You’ve penciled in your first meeting with a prospective customer. You may be tempted to go out and celebrate this accomplishment – but before you get all excited you should ask yourself: have you done enough preliminary research? If the answer is yes, congratulations! If it’s a “no” or “I’m not sure”, not to worry – I’ve got you covered with a few tools that make preparing for your meeting a cinch.
Researching For a Prospect Meeting
The key to nailing your meeting and making an amazing first impression is research. It’s important that you spend time learning as much as you can about the person you are meeting, the company, and the market. This can be a pretty time-consuming process, but with a few handy tools you can get it done with ease and efficiency.
LinkedIn: LinkedIn is a great starting point for learning about who you are meeting with. Simply search for the name and (if they have a LinkedIn account that isn’t set to private) you can read all about their current and past business ventures. Learn about what their current job responsibilities are so that you can prepare your “pitch” accordingly. If provided, you can even learn about their interests – which can always come in handy.
Newsle: Follow your Facebook friends, LinkedIn contacts, or anyone else that interests you, and Newsle will alert you whenever anyone is mentioned in a newspaper, news website, or blog post. More importantly, you can also “get to know” people you are about to meet by simply searching for them.
Rapportive: With Rapportive, you can see what your contacts look like, what they do, where they are based, and more. Grow your network by connecting on different social sites, and establish rapport by mentioning shared interests. There is also a really great notes feature that comes in handy when you’re in a pinch for time. The best part? It’s free and Rapportive functions right inside your Gmail.
CrunchBase: If the company is in the tech industry, you would be silly not to check out CrunchBase. CrunchCase is a free database of tech companies, investors, and people that anyone can edit – think Wikipedia for the tech/startup world. Easily search for a company and you will be presented with a brief description, milestones the company has reached (funding, new job position, etc.), list of staff, contact information, and more.
Google Finance: If you’re meeting with a publicly traded company, then Google Finance is a stop you should definitely make on your researching journey. Their easy access news filter allows you to correlate stock trends with major news events – definitely a good way to stay on top of company progress.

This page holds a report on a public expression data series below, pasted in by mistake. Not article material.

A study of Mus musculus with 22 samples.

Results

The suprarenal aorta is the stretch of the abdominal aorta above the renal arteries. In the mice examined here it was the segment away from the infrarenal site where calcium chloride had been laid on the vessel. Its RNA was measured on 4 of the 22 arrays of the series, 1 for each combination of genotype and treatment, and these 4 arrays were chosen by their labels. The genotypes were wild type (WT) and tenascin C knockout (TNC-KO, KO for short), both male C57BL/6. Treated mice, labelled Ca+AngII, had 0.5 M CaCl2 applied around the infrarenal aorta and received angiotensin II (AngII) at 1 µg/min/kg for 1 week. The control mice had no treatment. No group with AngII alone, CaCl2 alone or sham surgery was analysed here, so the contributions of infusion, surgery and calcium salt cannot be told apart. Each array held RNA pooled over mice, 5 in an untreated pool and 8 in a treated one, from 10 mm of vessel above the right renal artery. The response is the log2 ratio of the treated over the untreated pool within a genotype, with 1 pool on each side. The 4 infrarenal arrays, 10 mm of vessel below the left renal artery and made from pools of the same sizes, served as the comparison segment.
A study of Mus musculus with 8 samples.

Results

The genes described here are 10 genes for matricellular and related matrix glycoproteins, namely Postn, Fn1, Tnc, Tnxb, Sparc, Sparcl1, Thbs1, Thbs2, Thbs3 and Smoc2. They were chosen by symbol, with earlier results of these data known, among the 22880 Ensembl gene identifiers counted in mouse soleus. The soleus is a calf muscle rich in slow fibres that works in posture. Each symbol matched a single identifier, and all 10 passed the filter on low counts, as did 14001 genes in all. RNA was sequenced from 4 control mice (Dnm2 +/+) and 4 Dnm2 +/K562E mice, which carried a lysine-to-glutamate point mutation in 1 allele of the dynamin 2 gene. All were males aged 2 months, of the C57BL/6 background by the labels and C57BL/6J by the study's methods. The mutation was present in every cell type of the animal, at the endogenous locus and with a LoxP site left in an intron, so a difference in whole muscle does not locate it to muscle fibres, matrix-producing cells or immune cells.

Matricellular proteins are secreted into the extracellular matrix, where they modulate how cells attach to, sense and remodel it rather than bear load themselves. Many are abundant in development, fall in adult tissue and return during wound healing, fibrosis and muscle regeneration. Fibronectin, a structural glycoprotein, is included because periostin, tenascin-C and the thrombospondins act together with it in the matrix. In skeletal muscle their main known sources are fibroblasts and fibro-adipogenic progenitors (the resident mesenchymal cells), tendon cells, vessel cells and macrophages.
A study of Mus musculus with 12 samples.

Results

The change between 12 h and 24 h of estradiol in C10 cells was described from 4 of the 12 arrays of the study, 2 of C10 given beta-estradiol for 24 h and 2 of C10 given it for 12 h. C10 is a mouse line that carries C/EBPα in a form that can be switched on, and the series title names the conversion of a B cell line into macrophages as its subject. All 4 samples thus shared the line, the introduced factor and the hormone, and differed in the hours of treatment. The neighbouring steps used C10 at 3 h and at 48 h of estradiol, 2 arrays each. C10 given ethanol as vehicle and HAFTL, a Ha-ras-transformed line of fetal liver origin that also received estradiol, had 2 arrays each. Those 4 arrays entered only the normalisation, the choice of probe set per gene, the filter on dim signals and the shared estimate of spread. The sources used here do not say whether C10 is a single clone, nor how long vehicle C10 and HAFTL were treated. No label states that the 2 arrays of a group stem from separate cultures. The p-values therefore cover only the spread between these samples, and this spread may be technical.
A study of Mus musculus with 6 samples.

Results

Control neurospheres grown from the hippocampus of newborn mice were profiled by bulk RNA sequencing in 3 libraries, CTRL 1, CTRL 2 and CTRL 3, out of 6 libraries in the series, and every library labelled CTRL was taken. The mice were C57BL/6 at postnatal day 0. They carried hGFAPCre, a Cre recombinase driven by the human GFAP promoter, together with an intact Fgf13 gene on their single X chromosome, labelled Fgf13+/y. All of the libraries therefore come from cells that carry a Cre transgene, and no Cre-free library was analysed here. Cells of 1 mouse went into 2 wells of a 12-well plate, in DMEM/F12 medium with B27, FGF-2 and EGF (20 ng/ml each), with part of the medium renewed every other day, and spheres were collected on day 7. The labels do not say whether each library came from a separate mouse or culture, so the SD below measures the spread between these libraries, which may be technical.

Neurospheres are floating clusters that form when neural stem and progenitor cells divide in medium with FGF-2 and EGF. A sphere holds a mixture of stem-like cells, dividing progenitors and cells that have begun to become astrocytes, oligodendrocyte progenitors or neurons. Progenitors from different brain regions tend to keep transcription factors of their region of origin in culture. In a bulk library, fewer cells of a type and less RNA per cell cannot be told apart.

Rival IQ: Rival IQ provides a comprehensive understanding of how a company’s digital presence compares to the market. Arrive prepared to your meeting with an understanding of where your prospect is succeeding, and where they are struggling. Rival IQ provide’s the insight needed to confidently make suggestions on how to prioritize efforts and drive social growth – all things your prospect will be pleased to hear.
Now that you’ve done your preliminary research, you should feel comfortable and prepared for your prospect meeting – with confidence and knowledge, you’ll be sure to make a lasting impression. It is, however, important to continue monitoring your prospect well after you leave their office. Here are some of my favorite tools that make staying up-to-date an easy task.
Brewster: Brewster is a personalized address book that understands your relationships. It shows you who’s trending in your life and alerts you of who you are not remaining in contact with. It allows you to search for contacts by practically anything (e.g. name, city, band).
Mingly: Mingly aggregates your contacts from email, Facebook, and LinkedIn and allows you to filter and search through contacts by location, company, last connected, and more. The real time updates about key events in your contacts’ lives inform you of relocations, birthdays, job changes, and more. Another really useful feature, the “keep-in-touch reminders”, makes sure you follow up with your prospects.
Nimble: Similar to Mingly, Nimble automatically identifies the name, contact information, and history for everyone you communicate with. It combines your emails, social signals, follow-ups, and activities conveniently in one place, so you can engage with your contacts across any channel (including LinkedIn, Twitter, Facebook, Skype, Google+, Phone, and Email!). It’s also received really good reviews in the iTunes store, which I personally think is pretty awesome.
Researching and following up with your prospects is an important factor in closing a marketing deal. With these tools, you’ll be well on your way to success! For more learning and other tools, be sure to check out Miles Austin’s most recent post as well as the latest post from the Full Contact team.
What are your favorite tools? Let me know in the comments below!